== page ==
Uncertainty looms as Vermont becomes 1st state to label GMOs
At Mehuron's Supermarket in Waitsfield, manager Bruce Hyde Jr. said he and his team were ready for the state's new law requiring genetically modified foods to be labeled as such. But uncertainties abound.
Hyde said stores like his have to rely on national food companies to apply labels to products with genetically modified ingredients. But Congress could act next week on a less stringent federal bill that would pre-empt Vermont's, which went into effect Friday.
"It could all be changed a month from now," Hyde said.
Democratic Gov. Peter Shumlin and other state leaders have strongly supported Vermont's labeling law, saying consumers have a right to know what's in their food. They planned a noontime celebration of the law.
Shumlin encouraged supporters of the new law to take to social media using the hashtag WeLabeledGMOs to post pictures of properly labeled products and comment on the law.
"Let's show the rest of America that giving consumers the right to know what is in their food isn't that hard or scary, it's simply the right thing to do," Shumlin said in a statement.
Food producers argue there's no science supporting any difference between foods that are genetically modified and those that are not. They also say they don't want to end up with a patchwork of multiple state regulatory schemes.
Industry groups including the Grocery Manufacturers Association have sued to block the Vermont law, arguing that the labeling requirement amounts to compelled speech in violation of the First Amendment. The litigation is pending in federal court.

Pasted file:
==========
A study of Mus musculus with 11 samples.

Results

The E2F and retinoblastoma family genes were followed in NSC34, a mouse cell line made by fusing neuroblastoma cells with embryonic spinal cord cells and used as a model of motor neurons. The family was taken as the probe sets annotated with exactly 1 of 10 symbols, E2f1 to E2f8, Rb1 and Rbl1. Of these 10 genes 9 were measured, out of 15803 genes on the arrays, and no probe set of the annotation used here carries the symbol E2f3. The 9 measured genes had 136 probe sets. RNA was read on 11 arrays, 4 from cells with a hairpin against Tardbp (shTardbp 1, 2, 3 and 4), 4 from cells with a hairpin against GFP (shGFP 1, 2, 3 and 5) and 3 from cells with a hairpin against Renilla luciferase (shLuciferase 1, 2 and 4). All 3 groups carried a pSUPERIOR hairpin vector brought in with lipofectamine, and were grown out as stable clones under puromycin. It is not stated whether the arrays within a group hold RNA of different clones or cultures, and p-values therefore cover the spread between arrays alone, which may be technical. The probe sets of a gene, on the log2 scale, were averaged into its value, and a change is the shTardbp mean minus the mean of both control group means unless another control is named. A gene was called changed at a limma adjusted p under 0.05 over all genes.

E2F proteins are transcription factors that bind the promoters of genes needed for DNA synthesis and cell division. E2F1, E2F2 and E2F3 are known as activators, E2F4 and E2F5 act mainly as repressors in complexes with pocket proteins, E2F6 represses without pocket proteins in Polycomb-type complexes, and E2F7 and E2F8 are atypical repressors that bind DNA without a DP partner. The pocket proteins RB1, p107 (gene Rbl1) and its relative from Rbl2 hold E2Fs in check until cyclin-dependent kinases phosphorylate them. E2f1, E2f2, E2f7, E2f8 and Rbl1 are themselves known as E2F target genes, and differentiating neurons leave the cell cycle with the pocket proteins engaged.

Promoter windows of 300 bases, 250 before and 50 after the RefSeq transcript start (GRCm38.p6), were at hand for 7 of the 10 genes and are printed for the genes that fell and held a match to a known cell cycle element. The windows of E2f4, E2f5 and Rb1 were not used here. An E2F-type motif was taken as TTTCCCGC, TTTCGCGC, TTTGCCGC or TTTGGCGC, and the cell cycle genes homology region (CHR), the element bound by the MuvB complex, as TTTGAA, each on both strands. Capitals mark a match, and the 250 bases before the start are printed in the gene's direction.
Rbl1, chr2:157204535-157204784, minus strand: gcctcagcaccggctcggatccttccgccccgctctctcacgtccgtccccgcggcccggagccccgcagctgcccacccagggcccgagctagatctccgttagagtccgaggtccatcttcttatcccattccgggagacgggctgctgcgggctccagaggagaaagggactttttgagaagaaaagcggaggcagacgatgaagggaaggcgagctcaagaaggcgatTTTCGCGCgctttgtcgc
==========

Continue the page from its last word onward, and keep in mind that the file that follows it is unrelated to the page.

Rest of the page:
GMA spokesman Roger Lowe said the group hopes Congress acts quickly on compromise legislation offered last week by Republican and Democratic leaders on the Senate Agriculture Committee.
"Since the state of Vermont has given companies 30 days to correct any alleged GMO labeling violations, the immediate impact, if any, on companies in July should be limited," Lowe said.
Vermont leaders including Shumlin and Sen. Bernie Sanders, a Democratic presidential candidate, oppose the legislation in Congress. They point to its provision delaying implementation by two more years and to the fact that food producers would be allowed to use coded labels readable by smartphones. They argue that those without smartphones could remain uninformed about whether the food they're buying has been produced with genetic engineering.
Larger grocers as well as national food companies like General Mills and Campbell Soup Co. said they're prepared for Vermont's law, which was passed in 2014 with a two-year window for companies to prepare.
Campbell Soup Co. has "already printed and shipped (product labeled) to comply with Vermont's law," said company spokesman Thomas Hushen. The company remains "committed to label on-package" throughout the country.
Coca-Cola spokesman Ben Sheidler said that the company was making a "good-faith effort" to comply with the law but that some lower-volume products and packages "could be temporarily unavailable in Vermont."
Maine-based regional chain Hannaford Supermarkets has new labels for any store-brand products it carries that contain genetically modified ingredients. Those labels would not just be going to Vermont but also would be sent throughout Hannaford's distribution system, said spokesman Eric Blom.
At the Hunger Mountain Co-op in Montpelier, which specializes in natural foods and local products, general manager Kari Bradley said it was frustrating that a state law the co-op has supported since it was before lawmakers in Montpelier might be erased from the books by federal action.
Bradley said leaders of other food co-ops around the country had cheered Vermont on. "They just don't have the political climates in their states to move this forward."
He said the federal bill is "not a solution that's in the spirit of the Vermont law."